Incidentally, I have yet to hear why Ilfracombe gets a Rubbish Councillor from Fremington to act as our “ambassador”, rather than one of our own.
Say what you will,
School dinners make you ill
And Davy Crockett died of shepherds’ pie.
All school din-dins
Come from pig bins
Out of town.
It seems to me that the old scheme, feeding pigs, was rather better than turning the stuff into compost.
However, overall, I suspect that the new arrangements will simply lead to more fly tipping and more seagulls.
The cuts to the refuse collection service are all part of a pattern of cuts to public services that we have experienced over the last few years. Street lighting, police, fire service, hospitals, old age care, mental care – all have suffered. And yet it seems we still have enough money to build a high speed railway to cut a few minutes off the journey time between London and Birmingham. Okay, I know that ministers are now claiming that the real reason for HS2 is because of capacity constraints, but, if this is so, why not simply enlarge the traditional service, which would be enormously cheaper.
When HS2 was originally proposed, costs were estimated at £30 BILLION! As if that were not enough, by 2013, the estimate had risen to £42.6 BILLION, and the Institute of Economic Affairs estimates that the final cost will be over £80 billion (source: Wikipedia). The Guardian reported recently that the current estimated cost was £55 billion. By the time it is completed, tickets will be so expensive that only billionaires and businessmen on expenses will be able to afford them.
Do you think, maybe, that someone, somewhere has got their priorities mixed up?
Just 1% of the cost of HS2 would fund the whole of the so-called deficit on North Devon’s health spending up to 2020 and beyond. 2% and, in addition, we could dual the whole of the A361, immeasurably enhancing North Devon’s economy. 3% and we could do all that and substantially improve rail services to the SouthWest.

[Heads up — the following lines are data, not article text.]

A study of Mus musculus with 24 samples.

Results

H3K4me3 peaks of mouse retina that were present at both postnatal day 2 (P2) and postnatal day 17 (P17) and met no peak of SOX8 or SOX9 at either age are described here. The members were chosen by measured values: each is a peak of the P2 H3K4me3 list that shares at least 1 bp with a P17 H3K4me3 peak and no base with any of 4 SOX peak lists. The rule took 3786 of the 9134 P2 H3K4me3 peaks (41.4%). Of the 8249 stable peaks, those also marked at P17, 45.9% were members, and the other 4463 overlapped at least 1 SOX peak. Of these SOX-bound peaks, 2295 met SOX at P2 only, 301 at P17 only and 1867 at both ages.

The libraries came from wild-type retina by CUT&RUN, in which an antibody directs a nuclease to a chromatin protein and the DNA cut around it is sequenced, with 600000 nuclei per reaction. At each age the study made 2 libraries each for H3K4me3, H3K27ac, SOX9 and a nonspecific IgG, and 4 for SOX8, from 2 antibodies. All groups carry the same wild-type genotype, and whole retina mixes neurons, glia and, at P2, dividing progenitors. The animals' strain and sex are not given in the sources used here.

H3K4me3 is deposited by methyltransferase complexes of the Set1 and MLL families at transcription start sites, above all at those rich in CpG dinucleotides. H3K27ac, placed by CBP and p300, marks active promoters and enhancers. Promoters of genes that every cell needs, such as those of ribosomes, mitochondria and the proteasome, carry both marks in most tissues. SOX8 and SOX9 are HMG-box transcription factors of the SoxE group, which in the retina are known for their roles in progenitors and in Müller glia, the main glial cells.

Oh, yes. Someone has definitely got their priorities wrong.
I say it probably won't attract many locals – probably there will be some, but, by and large, I would expect most will remain loyal to their current preferences. After all, it’s not like Wetherspoons which undercut the prices of most local competitors. Quite the reverse.
I think the only problem will be if Costa is merely the harbinger of the arrival of many chains. That would push rents in the High Street up to levels which would probably be unaffordable to local businesses and so would change, probably for ever, the present quirky nature of the street. On the plus side, however, this would bring more money into the town, would almost certainly bring more jobs and so would enhance the overall prosperity. So it’s not all bad.
Did you read Oliver Tooley’s book “Children of the Wise Oak”? I have mentioned it a couple of times previously, but, if you haven’t heard about it, it’s a fantasy mainly for Young Adults, although I think any reader interested in Fantasy would enjoy it. Olli is a local author who funded the publication of the book partly through a Kickstarter appeal. If you haven’t read it, why not try? You can get it from our High Street bookshop or from Amazon, or even from the author (see his Facebook page). If you have read it, please leave a review on Amazon,
Apparently, having a lot of reviews, whether they are good, bad or indifferent, encourages Amazon to promote the book, which, with luck, would lead to more sales. You don’t need to have bought the book from Amazon to leave a review. Even something short like “I enjoyed this book” would help.
The other Sunday, I was in Alfie & the Kaiser enjoying their excellent carvery, when a nice couple approached me to say that they enjoyed my column in the Journal. It made my day! Sitting here at my computer, I sometimes wonder if I am writing for anyone’s benefit other than my own, so, when someone not only admits to reading it, but actually enjoys it, that is great. If you enjoy the blog, by all means let me know, but also let me know if you think there is anything I could do better. If you see me in town, by all means come and say “hello”, or leave a comment, using the comments form at the end of the blog.
And finally. Excellent dinner in 71. Starter: lentils, venison sausage and curry oil, just proves a good chef can make even lentils not merely edible but enjoyable. Main course, fillet steak and chips, and finished with my favourite, summer pudding. Peter, the chef, tells me that he will be adding some game to the menu and that his famous partridge main course will probably be on the menu soon – something to look forward to.
Talking of a good chef making an otherwise inedible food palatable, many years ago, I used to go to a restaurant in London, Thomas de Quincey. Now, I loathe spinach, but they used to prepare it with cream and garlic and it was delicious. Mind you, it would probably have been even better if they had left out the spinach!